Footage Of A Group Of Women Confronting Police Brutality Has Gone Massively Viral. They Said They Were Just Protecting Their Friend.

Critics have said the Citizenship Amendment Act undercuts the principles of India's foundation as a secular democracy.

NEW DELHI — “Go back! Go back!” the women shouted at riot police as a man was dragged out into the street and beaten with wooden batons.

The women formed a human shield around the man in the street, even as police continued to strike him before eventually retreating, allowing the bloodied man to stand up and tell everyone to go back inside.

Footage of the incident, filmed yesterday in New Delhi, has spread like wildfire across India, as protests against a new citizenship law criticized as being anti-Muslim erupt across the country.

Shameful and disgusting response of Police Your job is to de-escalate the situation and not hit back, beat people and stir up violence!

The protests are now in their fifth day as authorities respond with a heavy-handed police crackdown and internet shutdowns in parts of the country. The online blackout comes as the disputed region of Kashmir still languishes in a government-enforced internet shutdown.

Indian lawmakers voted through the Citizenship Amendment Act last week. The new measure offers a path to Indian citizenship for persecuted religious minorities from Pakistan, Afghanistan, and Bangladesh. But the definition of religious minority includes almost every religion except Islam.

The law being passed follows comments from India’s minister of home affairs that the government would launch a new nationwide campaign to identify undocumented migrants, and both have prompted concerns that India’s Hindu nationalist ruling party, the Bharatiya Janata Party (BJP), will selectively target India’s Muslims for detention and deportation.

Critics say the act goes against the principles of India’s foundation as a secular democracy. Protests originally broke out in northeastern India last week and have spread to other major cities.

The confrontation between the women defending their friend and riot police took place close to the campus of the prestigious Jamia Millia Islamia university in New Delhi, where protests took place on Sunday.

While the demonstrations began peacefully, clashes later broke out when police moved in, with footage posted online showing police firing tear gas into the university library and assaulting students inside campus bathrooms.

I am going to document police brutality in this thread against protestors. #CABProtest #IndiaAgainstCAB - Young girls who were protesting badly beaten. Some of them injured.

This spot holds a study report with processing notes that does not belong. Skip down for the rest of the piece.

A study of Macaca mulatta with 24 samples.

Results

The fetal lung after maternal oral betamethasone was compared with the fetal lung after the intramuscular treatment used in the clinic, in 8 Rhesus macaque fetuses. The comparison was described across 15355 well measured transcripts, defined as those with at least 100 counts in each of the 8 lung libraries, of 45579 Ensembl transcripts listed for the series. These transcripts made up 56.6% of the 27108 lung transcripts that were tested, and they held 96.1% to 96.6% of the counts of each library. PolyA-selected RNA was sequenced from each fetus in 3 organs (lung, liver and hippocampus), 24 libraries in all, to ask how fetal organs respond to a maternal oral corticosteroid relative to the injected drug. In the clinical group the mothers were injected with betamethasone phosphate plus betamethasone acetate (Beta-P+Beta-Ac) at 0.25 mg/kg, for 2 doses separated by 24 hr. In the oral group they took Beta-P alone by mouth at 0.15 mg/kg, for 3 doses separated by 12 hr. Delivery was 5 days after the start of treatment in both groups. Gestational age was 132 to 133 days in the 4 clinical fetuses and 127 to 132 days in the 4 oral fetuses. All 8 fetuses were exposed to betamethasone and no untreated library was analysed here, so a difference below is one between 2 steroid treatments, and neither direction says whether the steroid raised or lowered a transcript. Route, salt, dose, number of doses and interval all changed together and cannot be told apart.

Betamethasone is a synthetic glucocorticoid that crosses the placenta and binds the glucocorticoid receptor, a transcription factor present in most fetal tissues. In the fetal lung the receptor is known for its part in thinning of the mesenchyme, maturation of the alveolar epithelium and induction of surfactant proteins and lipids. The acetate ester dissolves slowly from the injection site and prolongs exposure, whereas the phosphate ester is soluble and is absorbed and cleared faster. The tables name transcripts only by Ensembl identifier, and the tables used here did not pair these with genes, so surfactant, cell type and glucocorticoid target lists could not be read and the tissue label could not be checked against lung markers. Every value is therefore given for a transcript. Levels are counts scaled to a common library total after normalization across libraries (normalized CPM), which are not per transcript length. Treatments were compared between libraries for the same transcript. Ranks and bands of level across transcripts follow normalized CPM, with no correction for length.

Two of the women who came to the man’s aid in the video have been identified as Ladeeda Sakhaloon and Ayesha Renna, both 22 years old and students at the university.

The two women also feature prominently in another viral image from the university protests, chanting slogans while standing on a wall.

About last night, women of Jamia Millia Islamia lead the way in opposing the bigoted Citizenship Amendment Act and calls for all India NRC. #CABEkDhokaHai

In one of their first interviews, they told Indian broadcaster Barkha Dutt they felt they had no choice but to defend their friend from riot police.

"We are not scared" -Ladeeda Farzana & Ayesha Renna 22 & from Kerala. They were centre of 2 viral images from #Jamia, one in which you see women punching the sky,arms astride on a roof, the other in which they surround a male friend to save him from lathis. I met them. Excerpts

“We were not scared," said Sakhaloon. “He’s our brother.”

Taken together, the images of the young women chanting slogans and defending their friend have led to comparisons between the protests in India and the women who were at the forefront of the uprising in Sudan earlier this year.

Oru Viral Puratchi (One finger revolution.) Art by Ponvannan. #CABProtests

The government claims that Muslims do not need a special status because they are not a minority in India’s Muslim-majority neighbors, and Prime Minister Narendra Modi tweeted on Monday that the act does not “affect any citizen of India of any religion.”

I want to unequivocally assure my fellow Indians that CAA does not affect any citizen of India of any religion. No Indian has anything to worry regarding this Act. This Act is only for those who have faced years of persecution outside and have no other place to go except India.

Due to internet shutdowns, many people protesting will have been unable to read Modi’s tweets.

Matthew Champion provided additional reporting from London.